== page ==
Israeli government comes under criticism for its 'silence' as talks on a new Iranian nuclear deal progress
Prime Minister Bennett, Foreign Minister Lapid have many possible steps they could take before a deal is sealed, argues Jerusalem Post editor-in-chief
The current Israeli government has been on the receiving end of mounting criticism for its relative silence on the imminent new nuclear deal with Iran.
In a highly charged editorial, Yaakov Katz, The Jerusalem Post's editor-in-chief wrote that "Iran is on its way to a nuclear bomb and Israel is silent."
He noted several instances in which big news on Iran's progress toward a nuclear weapon was met with silence from Jerusalem.
"Two weeks ago, the Russian envoy to the nuclear talks in Vienna dropped a bombshell. 'I am absolutely sincere in this regard when I say that Iran got much more than it could expect – much more,' Ambassador Mikhail Ulyanov told Iranian news outlet IRNA. 'Realistically speaking, Iran got more than, frankly, I expected or others expected. This is a matter of fact.'”
"And in Israel, there was silence."
"A week earlier, an IAEA report was leaked, which showed that the stockpile of enriched uranium amassed by Iran has dramatically grown to the point that its most highly-enriched material is just a jump away from a nuclear weapon.
And in Israel there was silence.
And then this week, on Wednesday, reports emerged that – in the framework of a new deal – the United States is considering removing the Islamic Revolutionary Guard Corps (IRGC) from the Foreign Terrorist Organization list. The news was earth shattering and would be an amazing prize to Iran, just days after Tehran took responsibility for firing ballistic missiles at a US consulate in Erbil.
And again, in Israel there was silence.
At this point, there is no longer hiding what should be obvious to every Israeli: Iran is on its way to getting the best deal it could have imagined, which will pave the way for it to one day obtain a nuclear weapon. At the same time, Israel is on its way to potentially facing a threat of an existential nature – and instead of fighting it tooth and nail, the leadership in this country is, for the most part, silent.
He goes on to write that there could be a number of reasons for Israel’s silence including its need to tamp down criticism in order to receive information from U.S. negotiators.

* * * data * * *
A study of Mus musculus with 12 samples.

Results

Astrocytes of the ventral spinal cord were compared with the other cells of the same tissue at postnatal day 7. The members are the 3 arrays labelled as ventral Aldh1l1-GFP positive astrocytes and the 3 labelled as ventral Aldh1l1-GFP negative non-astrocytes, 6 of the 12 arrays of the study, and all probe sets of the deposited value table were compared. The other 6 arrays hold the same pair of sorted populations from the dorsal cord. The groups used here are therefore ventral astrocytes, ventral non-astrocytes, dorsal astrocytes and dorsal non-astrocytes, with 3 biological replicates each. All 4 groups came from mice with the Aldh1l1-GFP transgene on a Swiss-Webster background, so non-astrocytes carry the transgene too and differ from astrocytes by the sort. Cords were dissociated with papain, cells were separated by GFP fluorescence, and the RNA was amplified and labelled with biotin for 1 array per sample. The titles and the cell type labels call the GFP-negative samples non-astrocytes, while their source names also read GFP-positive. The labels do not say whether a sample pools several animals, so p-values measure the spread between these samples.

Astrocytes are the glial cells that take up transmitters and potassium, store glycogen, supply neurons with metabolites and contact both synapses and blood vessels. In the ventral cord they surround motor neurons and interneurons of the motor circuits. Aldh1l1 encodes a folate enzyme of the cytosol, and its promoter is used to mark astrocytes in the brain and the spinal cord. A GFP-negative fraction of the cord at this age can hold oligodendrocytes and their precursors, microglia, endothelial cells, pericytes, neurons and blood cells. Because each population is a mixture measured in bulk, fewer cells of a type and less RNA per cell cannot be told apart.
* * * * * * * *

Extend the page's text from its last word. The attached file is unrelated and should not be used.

“Silence was a condition made by the Americans if Jerusalem wanted to receive regular updates from what was happening in Vienna,” Katz noted in the article published Friday.
“The problem is that Israel does not seem to have influenced the deal at all. Instead, what we are about to see signed is a deal that will be remembered as the worst possible for Israel and the best possible for Iran,” he added.
Another likely reason behind Israel’s silence, according to Katz, is “a general resignation that a bad deal is coming and Israel cannot do anything to stop it. It is almost an acceptance of the fact that Iran is going to get a bomb.”
But the silence, Katz wrote, can be construed as indifference.
Meanwhile, here in Jerusalem, there is a "flurry of activity on Ukraine."
The Jerusalem Post's editor-in-chief suggests that there are still many steps that Prime Minister Naftali Bennett and Foreign Minister Yair Lapid could take before a deal is sealed.
“Bennett could fly next week to Europe and ask for meetings with leaders in Paris and London. He could get the leader of China on the phone or fly to Washington and demand a meeting with Biden. He and Lapid could also hit the airwaves and speak every day on another international news channel,” Katz proposed.
The editorial, here, is worth reading in full.
The All Israel News Staff is a team of journalists in Israel.